Equity investors still fence-sitting

Equity investors still fence-sitting


The mood in the global stock markets is grim. Investors are having a hard time digesting a higher-than-expected rise in US inflation. On a month-on-month basis, inflation measured via the consumer price index rose 0.5% in January in the US. This pours cold water on hopes that the US Federal Reserve’s aggressive monetary policy may be nearing an end soon.

Moreover, with the Chinese economy reopening, the country’s energy demand is likely to rise, thus pushing up energy prices and that is a potential risk to global inflation outlook. Interestingly, global growth expectations are now the least pessimistic in a year, says the latest global fund manager survey by BofA Securities. The share of respondents expecting a global recession fell to 24% in February, much lower than the peak of 77% in November. Also, a majority of fund managers see inflation easing further over the next 12 months.

Graphic: Mint


All the key measures of sentiment are improving month-on-month and shift in positioning highlights stronger risk appetite, said the survey report. In effect, net 32% of respondents said they are taking lower-than-normal risk levels compared to net 38% in January.

But the coast is not clear. Fund managers see inflation staying at elevated levels for longer periods as a top tail risk to their portfolios. So, while fund managers have slightly trimmed their cash positions and are now relatively less underweight on equities, 66% of those surveyed feel that stocks are seeing a bear market rally.

In India as well, retail inflation in January rose to 6.52% and came as a negative surprise. Remember, the Reserve Bank of India (RBI) recently raised the repo rate by 25 basis points (bps) and maintained its hawkish stance, leaving the door open for more rate hikes. One basis point is 0.01%. Some economists now caution that RBI is unlikely to change its stance soon and a probability of another 25bps rate hike in April is rising, thus further delaying a pause.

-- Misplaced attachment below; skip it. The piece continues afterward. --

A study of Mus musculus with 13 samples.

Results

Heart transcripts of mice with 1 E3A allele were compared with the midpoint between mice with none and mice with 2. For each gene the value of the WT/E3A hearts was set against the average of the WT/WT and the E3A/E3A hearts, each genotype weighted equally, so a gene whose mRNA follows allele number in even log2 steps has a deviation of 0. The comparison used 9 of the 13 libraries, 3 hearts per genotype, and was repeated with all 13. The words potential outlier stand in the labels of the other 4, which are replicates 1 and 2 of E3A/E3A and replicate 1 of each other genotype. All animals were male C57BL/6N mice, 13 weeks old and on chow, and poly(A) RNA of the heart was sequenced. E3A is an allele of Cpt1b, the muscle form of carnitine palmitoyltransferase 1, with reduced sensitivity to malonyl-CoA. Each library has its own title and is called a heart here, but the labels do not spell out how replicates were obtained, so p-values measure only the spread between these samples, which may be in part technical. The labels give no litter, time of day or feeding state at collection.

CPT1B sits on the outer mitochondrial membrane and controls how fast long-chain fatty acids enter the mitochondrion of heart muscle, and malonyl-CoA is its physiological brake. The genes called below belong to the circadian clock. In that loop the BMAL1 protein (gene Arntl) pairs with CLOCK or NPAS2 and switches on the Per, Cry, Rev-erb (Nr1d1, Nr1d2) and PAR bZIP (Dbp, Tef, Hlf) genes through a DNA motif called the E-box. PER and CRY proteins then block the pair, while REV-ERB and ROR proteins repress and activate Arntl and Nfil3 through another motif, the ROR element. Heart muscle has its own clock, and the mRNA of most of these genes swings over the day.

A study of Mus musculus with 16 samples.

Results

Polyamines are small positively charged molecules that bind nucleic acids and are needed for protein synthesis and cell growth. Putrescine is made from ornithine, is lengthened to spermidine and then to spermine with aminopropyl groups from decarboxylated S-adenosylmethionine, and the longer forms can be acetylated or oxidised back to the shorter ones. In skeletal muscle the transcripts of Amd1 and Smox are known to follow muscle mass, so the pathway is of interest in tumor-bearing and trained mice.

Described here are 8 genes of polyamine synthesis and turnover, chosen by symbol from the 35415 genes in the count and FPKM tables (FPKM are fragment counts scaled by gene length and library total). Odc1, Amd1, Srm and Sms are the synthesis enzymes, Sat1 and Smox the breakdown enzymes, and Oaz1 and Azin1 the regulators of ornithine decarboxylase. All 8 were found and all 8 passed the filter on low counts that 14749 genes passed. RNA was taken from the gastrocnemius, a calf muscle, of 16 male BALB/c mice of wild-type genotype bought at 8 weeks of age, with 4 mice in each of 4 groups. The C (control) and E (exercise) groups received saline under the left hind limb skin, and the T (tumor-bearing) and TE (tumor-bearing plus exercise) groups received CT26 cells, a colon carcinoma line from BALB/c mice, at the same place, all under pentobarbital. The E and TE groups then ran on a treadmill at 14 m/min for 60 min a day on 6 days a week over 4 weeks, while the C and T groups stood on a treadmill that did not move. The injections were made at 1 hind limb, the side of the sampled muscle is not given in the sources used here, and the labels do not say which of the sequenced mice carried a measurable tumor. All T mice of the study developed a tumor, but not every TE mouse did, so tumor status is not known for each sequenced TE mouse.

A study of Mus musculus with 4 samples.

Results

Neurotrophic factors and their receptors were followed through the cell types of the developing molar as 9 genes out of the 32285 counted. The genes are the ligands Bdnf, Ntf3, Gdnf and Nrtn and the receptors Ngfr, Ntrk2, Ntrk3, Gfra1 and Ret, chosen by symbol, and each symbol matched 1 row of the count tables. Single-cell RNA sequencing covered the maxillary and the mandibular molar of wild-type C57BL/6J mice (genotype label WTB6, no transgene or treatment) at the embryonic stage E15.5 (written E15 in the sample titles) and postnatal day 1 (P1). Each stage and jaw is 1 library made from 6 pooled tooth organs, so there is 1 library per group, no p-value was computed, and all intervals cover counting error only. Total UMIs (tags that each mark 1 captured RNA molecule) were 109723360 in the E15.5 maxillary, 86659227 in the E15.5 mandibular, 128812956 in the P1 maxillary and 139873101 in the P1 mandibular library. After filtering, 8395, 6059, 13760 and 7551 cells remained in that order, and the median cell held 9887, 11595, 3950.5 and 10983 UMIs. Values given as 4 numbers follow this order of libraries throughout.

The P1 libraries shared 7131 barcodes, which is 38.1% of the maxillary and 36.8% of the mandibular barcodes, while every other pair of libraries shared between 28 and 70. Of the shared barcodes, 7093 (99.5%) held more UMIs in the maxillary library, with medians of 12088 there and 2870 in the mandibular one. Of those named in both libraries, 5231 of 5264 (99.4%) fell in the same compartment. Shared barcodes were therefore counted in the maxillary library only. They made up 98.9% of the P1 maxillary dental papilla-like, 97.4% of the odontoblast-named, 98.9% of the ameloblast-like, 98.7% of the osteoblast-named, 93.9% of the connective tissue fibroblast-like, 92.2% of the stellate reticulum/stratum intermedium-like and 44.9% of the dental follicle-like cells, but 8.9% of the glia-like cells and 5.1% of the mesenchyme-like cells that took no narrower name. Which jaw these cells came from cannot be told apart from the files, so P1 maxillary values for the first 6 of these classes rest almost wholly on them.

But sticky inflation is not the only problem. The recent rout in Adani Group stocks has been a dampener for investor sentiment. Secondly, December quarter (Q3FY23) earnings were largely a mixed bag, with financials doing most of the heavy-lifting. “In Q3, banks and IT have done fairly better providing some support to FY23 Nifty earnings per share earnings estimates. However, sustenance of current earnings estimates for FY24 seem challenging mainly on weak rural consumption and pressure emerging on urban consumption,” Nitin Bhasin, co-head institutional equities and head of research at Ambit Capital.

In this backdrop, India’s valuation premium to Asian peers is concerning. Although the gap has narrowed, India remains an expensive bet. “With China reopening, India has underperformed recently, but India’s valuation premium compared to Asia ex-Japan peers is still higher than historical average. At one-year forward PE Indian equities are trading at 18.5x, at premium to the last 10-year average of 16x,” said Kunal Vora, head of India equity research at BNP Paribas. And this does not bode well for foreign fund flows. FIIs were net sellers in Indian equities in CY22 and that has not changed so far.

Jitendra Gohil, director, global investment management, wealth management, India at Credit Suisse, thinks China’s reopening is a crucial near-term trigger for global markets, including India because of a likely dual blow of inflation impact and trajectory of foreign fund flows. He cautions of foreign capital getting re-allocated from India to China, which is trading at cheaper valuation. Furthermore, with Indian equity market’s lacklustre performance and rising fixed deposit rates, worries are that domestic institutional inflows could moderate.